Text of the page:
Evolution says nothing about...
Dembski's pal Denyse O'Leary is quite amusing. She seems to have very little understanding about logic and science. The post of interest is again the one dated (Jan 5th, 2007). Writes she:
In Commentary magazine, Eric Cohen's "The Human Difference" offers to explain why most North Americans do not accept the current science pundits' vision of the world:
She ends with a comment of her own: "Well, exactly". Well, exactly, Denyse, it's true. Darwinian theory has no compelling answer to these questions. Neither should it. Neither should the theory of gravity, theories about electromagnetism, theories about material stress, theories about the change in global temperatures, theories about... Well, you get the picture. Intelligent design creationists like Denyse seem to seriously think that a theory has to answer ALL questions for it to be valid. This is simply nonsensical and only shows her willful ignorance about science in general. I can only assume that Dembski lets her share his blog because she shares his conclusions and he really couldn't care less how she reached them.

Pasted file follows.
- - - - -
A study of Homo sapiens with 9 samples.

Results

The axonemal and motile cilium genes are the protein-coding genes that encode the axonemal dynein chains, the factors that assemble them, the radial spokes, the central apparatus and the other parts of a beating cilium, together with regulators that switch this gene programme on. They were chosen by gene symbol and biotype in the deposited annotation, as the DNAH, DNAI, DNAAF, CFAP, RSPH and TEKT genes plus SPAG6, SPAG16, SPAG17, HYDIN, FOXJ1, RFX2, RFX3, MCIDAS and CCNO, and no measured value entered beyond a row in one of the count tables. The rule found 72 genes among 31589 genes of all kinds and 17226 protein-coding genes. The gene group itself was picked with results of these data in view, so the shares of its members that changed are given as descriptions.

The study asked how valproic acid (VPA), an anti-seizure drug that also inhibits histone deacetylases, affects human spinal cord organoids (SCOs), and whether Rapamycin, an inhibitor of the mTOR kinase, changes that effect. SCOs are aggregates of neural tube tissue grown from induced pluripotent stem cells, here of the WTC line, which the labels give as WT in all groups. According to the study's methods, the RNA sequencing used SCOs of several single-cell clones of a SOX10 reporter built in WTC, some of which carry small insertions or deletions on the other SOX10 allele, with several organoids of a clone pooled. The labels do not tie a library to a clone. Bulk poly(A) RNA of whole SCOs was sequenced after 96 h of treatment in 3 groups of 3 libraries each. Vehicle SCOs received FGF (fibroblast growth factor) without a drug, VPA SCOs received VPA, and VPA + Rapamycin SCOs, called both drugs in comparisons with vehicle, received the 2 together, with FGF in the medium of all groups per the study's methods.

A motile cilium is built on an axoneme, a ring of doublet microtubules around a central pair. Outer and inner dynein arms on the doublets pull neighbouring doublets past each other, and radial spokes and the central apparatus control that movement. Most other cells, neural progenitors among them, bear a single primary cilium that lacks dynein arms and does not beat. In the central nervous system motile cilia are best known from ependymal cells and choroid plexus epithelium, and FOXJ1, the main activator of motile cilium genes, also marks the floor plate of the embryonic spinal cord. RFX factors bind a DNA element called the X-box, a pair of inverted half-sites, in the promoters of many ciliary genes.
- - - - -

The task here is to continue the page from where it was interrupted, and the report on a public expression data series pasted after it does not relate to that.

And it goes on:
On the evidence provided by nature, Darwin’s claim of common descent seems undeniably compelling; man’s emergence via genetic mutation and natural selection seems likely; and the possibility of man’s never emerging seems all too possible. Yet for all its insights into the development of complex life, the theory of evolution ends before the most interesting questions begin. Where did matter come from in the first place, and with it the latent possibility of man? What is the source of nature’s fixed laws, by which the chance process of evolution plays itself out? Why do animals seek to survive and reproduce at all, hungering for life even with its manifold sufferings?
To these questions, modern Darwinian theory has no compelling answer, and its methods are poorly equipped even to initiate the right sort of inquiry. Evolution may explain the mechanisms of man’s descent, but not the mystery of his ascent, including the wonder he exhibits about the origins and destiny of the cosmos—a wonder that serves no useful animal function. A theory of man’s origins is not yet a theory of man, let alone a theory about why there is something rather than nothing.